Mobile // Mobile Devices

Thieves nabbed more than 8,000 Apple products in NYC last year. Take these device and data safety steps.


City-wide, 8,465 i-devices were snatched from people on subways, buses, and on the street last year -- that's 23 per day. The crimes are classified as grand larcenies in the fourth degree. Apple products account for 18% of all grand larcenies across New York, and the trend is something the new mayor and police chief will need to tackle. In 2002, after the original iPod's debut but long before the iPhone and iPad, only 25 grand larcenies involving Apple products occurred in NYC.

Lawmakers in NYC and in San Francisco have been working on a solution to the problem, but nothing has yet proven effective. The wireless network operators have developed a nationwide database of stolen devices. Devices that have been reported stolen and are on the list cannot be activated on any of the major wireless networks, which effectively makes them worthless for after-market resale. Lawmakers worked with Samsung and others to create a kill switch that would permanently deactivate stolen devices. Though the technology is available, wireless network operators have balked at the idea, citing concerns over lost insurance revenue.

[What new features would you like to see in your next smartphone? Read What Smartphone Makers Need To Do In 2014. ]

While official means for protecting consumers have fallen a bit short, there are still plenty of steps you can take to keep your smartphone or tablet safe.

Leave it in your pocket
Most thefts in NYC take place on public transportation when people are staring at their screen and not paying attention to their surroundings. According to the NYPD, it's easy pickings for ne'er-do-wells. It may be tempting to pull out your phone to play a game on the bus or train, but it's all too easy for thieves to snatch it from your hand and dash out the door at the last second.

Use a passcode
Use a password to lock your phone. This simple measure can be all that stands between your data and a thief. Whether it's a simple four-digit PIN or a lengthy alphanumeric code, a passcode can ensure no one can get past the lockscreen. This alone can effectively stop most criminals from accessing your phone and its data.

Use 'Find My Phone'
Apple's Find My iPhone app makes it easy to find lost or stolen devices -- as long as it's been activated. The NYPD strongly recommends using this, even creating its own how-to video showing consumers how to turn it on. The tool can pinpoint the location of a device on a map quickly and easily. Similarly, the Android Device Manager tool from Google lets Android device owners find their hardware and display the location on Google Maps. Not only can these tools be used to recover lost or stolen items, they can also be used to lock them or shut them down remotely. They can even set off alarms or erase data from devices.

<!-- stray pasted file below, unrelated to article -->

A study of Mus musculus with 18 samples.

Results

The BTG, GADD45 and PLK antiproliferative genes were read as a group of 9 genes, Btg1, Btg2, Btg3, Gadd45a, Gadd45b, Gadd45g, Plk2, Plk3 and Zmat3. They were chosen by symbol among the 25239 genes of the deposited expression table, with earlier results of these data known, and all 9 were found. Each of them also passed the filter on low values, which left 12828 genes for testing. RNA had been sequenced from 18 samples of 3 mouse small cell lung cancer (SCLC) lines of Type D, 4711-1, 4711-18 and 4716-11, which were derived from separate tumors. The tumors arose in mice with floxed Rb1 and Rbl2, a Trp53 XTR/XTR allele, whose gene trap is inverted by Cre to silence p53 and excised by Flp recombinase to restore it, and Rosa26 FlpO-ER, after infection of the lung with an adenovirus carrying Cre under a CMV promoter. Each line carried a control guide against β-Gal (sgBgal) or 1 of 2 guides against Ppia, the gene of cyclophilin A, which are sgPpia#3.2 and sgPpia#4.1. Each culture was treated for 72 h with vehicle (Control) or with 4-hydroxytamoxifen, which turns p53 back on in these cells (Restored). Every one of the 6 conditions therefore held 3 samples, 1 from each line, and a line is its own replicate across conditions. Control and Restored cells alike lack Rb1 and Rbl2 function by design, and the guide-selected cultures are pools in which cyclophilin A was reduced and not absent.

Keep regular backups
Back up your device and its data regularly. Whether you back up to a computer or to the cloud, be sure to transfer photos, documents, and other files at least once a week to minimize losses in the event your device is stolen.

Report it
If your device is stolen, be sure to report it to local authorities. That way the device's IMEI number can be added to the national registry of stolen devices, which should help prevent its resale on the black market. Police may also be able to assist in locating and/or recovering the device.

Eric is a freelance writer for InformationWeek specializing in mobile technologies.

User Rank: Author
1/15/2014 | 9:27:22 PM
Re: If you want to complain ...
You're spot on. It comes down to to common sense and self-awareness to prevent the problem -- and a kill switch to fix the problem once it's happened. :-)
Li Tan
User Rank: Ninja
1/14/2014 | 10:33:58 PM
Re: If you want to complain ...
This kill switch is more like a contigency plan when the accident occurs instead of a preventive action. The best mitigation would be keeping your i Device safe instead of being causual and getting shocked/upset when your "electronic pet" was stolen. The same thing happened here in Beijing - everyday many i Devices (especially iPhones) got stolen in the crowded metro.
Kristin Burnham
User Rank: Author
1/14/2014 | 8:14:39 PM
Re: If you want to complain ...
That kill switch is an interesting idea, but it would have to render the device completely useless -- not just turning off the line. iPhones are basically just iPods with cell service, but you're right: There's no value to a device that isn't functional.
mak63
User Rank: Ninja
1/14/2014 | 4:24:35 PM
Re: If you want to complain ...
I like your idea.The killer switch will make the smartphones useless (hopefully) when they can not be recovered. Why then, a thief will try to steal and sell something worthless?

I'm ignorant at this, but is there any value of a non-working smartphone?

I like to add that even though the goal should zero, 23 per day in a city of roughly 8.5 millions doesn't seem too much. Well that's my point of view. From an i Device owner, 1 is too much, right?
Lorna Garey
User Rank: Author
1/14/2014 | 12:06:19 PM
If you want to complain ...
Let's start a letter-writing campaign to congress demanding that kill switches be mandatory, insurance revenue be damned. Seems pretty bi-partisan: Tough on crime plus coming down on carriers, which aren't exactly up there with mom and apple pie in terms of popularity. Who's in?
Kristin Burnham
Kristin Burnham,
User Rank: Author
1/13/2014 | 8:44:40 PM
Re: iPhone passcodes
My mom is guilty of this. Hates the passcode because she can't see the numbers without her glasses.
Laurianne
User Rank: Author
1/13/2014 | 12:07:57 PM
iPhone passcodes
I can't believe how many people don't use an iPhone passcode. Talk about playing with fire.